Monday, May 23, 2011

Heart Rate Monitoring and Monster Midges

Long weekends are just wonderful.  It's amazing how having one extra day can make all three days seem longer.  We can certainly stuff a lot of friends, family, food and fitness into such a small window.   I also took a few days off blogging and other internet pursuits which was nice.  It made me realize the value of being unplugged every so often...

So I'm trying to figure out heart rate stuff so I can get a better handle on what the numbers mean.  Last week I reported my heart rate ups and downs during a hill training run.  This weekend, I wore the HR monitor during my Saturday morning 10k run and again during our Sunday morning 35k bike ride.

Saturday morning was, in my opinion at least, very hot and humid.  Not yet being used to that kind of weather, I started off strong but was really struggling by the end.  I mean really really struggling. Every kilometre took a little longer to run - the first was a 5:40 and by the last I was running a 6:40.  My heart rate climbed pretty quickly to 160 bpm and held steady.  In the last couple of kilometres, where I was wilting from the heat, it slowly climbed to 172 bpm despite my slower pace.   So heart rate is not only affected by pace and exertion but also by heat??

When we went cycling on Sunday, I expected to see huge spikes every time we climbed up a big hill and then rapid drops as we coasted down the hills.  My quads were really tired from the run the day before as well as the crazy sideways walk I've been doing across my house twice a day.  So it felt like I was working extra hard just to keep moving forward. We rode up several challenging hills and my heart rate max for the ride was 162.  Panting, legs burning, can hardly keep the bike moving = 162 bpm.  Pretty much the same rate I get during regular runs.  The rest of the ride I averaged about 120 bpm.  So cycling, no matter how hard it feels has less impact on heart rate than running??

What does it all mean?  I find cycling up a huge hill a lot more challenging than running down a flat road.  On the uphill, the blood is pounding in my ears and I can hardly catch my breath.  On a flat run, I'm just lopping along like the lone wolf - feeling strong but not struggling.  And yet my heart rate is pretty much the same.  I certainly couldn't cycle uphill for an hour but I can run for an hour, or two, or three...  So there is obviously more at play here than just heart rate.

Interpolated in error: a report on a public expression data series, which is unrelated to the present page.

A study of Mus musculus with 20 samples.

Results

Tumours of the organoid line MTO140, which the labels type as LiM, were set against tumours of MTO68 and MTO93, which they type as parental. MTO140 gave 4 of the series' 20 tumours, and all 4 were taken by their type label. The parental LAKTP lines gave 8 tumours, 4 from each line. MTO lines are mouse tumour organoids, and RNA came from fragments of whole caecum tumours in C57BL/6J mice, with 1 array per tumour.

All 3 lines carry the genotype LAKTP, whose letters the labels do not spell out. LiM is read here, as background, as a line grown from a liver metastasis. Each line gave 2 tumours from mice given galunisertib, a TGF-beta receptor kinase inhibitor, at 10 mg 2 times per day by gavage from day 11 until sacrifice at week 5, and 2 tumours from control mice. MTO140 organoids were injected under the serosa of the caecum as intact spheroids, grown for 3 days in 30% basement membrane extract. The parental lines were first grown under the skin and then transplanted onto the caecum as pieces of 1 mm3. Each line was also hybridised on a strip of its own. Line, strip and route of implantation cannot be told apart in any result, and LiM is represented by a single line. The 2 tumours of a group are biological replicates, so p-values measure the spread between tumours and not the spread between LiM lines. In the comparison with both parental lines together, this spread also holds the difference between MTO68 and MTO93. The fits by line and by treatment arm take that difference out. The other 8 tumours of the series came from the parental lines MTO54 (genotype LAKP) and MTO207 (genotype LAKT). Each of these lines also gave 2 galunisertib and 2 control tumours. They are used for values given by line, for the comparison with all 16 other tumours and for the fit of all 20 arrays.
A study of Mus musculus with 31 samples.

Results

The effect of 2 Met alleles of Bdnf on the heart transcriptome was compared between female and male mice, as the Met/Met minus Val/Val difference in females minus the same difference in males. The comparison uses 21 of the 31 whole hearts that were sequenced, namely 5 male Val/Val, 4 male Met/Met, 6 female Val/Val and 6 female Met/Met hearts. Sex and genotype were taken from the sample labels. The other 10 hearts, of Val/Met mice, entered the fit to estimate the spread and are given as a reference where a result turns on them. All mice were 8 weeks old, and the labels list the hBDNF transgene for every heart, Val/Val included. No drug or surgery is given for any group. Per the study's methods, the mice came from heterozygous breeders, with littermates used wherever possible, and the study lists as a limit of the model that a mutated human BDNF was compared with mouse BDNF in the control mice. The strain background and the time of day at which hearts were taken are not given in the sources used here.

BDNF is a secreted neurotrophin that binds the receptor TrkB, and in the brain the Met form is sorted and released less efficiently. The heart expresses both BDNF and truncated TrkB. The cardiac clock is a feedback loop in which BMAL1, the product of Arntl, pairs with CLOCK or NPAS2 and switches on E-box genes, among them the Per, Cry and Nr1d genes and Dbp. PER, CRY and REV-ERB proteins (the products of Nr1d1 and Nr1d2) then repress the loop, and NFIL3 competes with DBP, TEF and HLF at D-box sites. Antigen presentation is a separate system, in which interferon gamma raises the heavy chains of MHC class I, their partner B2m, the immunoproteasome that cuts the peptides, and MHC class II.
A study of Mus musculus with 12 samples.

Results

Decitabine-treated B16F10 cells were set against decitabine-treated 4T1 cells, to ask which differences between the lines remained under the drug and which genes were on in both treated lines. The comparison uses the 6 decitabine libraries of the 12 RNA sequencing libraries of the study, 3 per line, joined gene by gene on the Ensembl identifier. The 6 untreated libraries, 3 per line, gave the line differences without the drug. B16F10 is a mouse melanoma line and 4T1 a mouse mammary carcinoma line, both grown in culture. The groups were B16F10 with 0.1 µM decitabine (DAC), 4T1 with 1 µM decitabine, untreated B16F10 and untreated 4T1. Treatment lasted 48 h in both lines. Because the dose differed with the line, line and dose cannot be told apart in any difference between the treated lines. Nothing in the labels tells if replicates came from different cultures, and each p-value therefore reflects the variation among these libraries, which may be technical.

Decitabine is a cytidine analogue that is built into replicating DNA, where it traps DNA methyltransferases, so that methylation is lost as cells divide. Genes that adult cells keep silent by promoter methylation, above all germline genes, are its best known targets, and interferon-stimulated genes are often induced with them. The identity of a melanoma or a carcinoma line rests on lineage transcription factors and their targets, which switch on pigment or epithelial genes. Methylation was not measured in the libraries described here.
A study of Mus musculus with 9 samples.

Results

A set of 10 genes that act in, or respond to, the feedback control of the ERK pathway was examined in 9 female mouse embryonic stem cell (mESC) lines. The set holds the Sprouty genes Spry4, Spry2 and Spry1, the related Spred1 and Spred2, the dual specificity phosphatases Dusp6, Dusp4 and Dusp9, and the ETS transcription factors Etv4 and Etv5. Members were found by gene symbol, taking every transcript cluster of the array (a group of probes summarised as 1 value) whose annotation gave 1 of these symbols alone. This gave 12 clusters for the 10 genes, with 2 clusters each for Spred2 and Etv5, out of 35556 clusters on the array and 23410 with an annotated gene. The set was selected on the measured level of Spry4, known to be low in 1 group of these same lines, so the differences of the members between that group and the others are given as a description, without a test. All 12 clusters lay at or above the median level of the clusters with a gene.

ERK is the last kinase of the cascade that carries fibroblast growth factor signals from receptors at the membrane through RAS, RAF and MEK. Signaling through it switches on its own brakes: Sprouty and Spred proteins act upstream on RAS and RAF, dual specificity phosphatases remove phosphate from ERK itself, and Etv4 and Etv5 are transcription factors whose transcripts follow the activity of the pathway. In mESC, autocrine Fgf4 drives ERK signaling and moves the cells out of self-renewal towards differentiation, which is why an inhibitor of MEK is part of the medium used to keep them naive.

Stay tuned for next time as I slowly try to figure this all out...

In the meantime, here are a few pics from our Saturday afternoon hike through Rockway.  It has been raining for weeks (it seems) and the river was swollen beyond its banks.  Pretty amazing.

The midges were also pretty amazing.  They attacked like a swarm of blood lusting sharks and had us high-tailing it back to the car.  Thank goodness for ice packs, three hour naps and Benadryl.  Two days later and my ear is almost back to normal size.  My neck still looks like I barely survived the plague but I'm sure it just adds to my nature girl mystique :)


  1. This is the same experience I have with my heart rate when I run and bike; the running is always more intense cardio-wise. I think that's just the way it is. I see this reflected in my blood glucose changes during exercise, too. Running is more energetic, however hard it feels.

    Pretty pictures from your hike, too.

  2. Isn't it weird to discover what your heart is doing all this time you've been exercising without a HRM? I know I was totally interested to compare workouts. Again, you have a HR of an athlete and I'm jealous! I'm looking to comparing notes on Thursday.. don't forget the hills! I'm sure I'll be wheezing.

  3. I find there are many factors that affect HR. Amount of sleep, wind, heat, humidity, hydration, etc. What was key for me, was finding what HR I needed to be at to sustain a certain pace for long runs. Eg. <155 bpm seems to be a good range for long runs of 18+k that I can maintain my pace. 160+ bpm and I can only sustain that pace for about 15k, then I'm toast.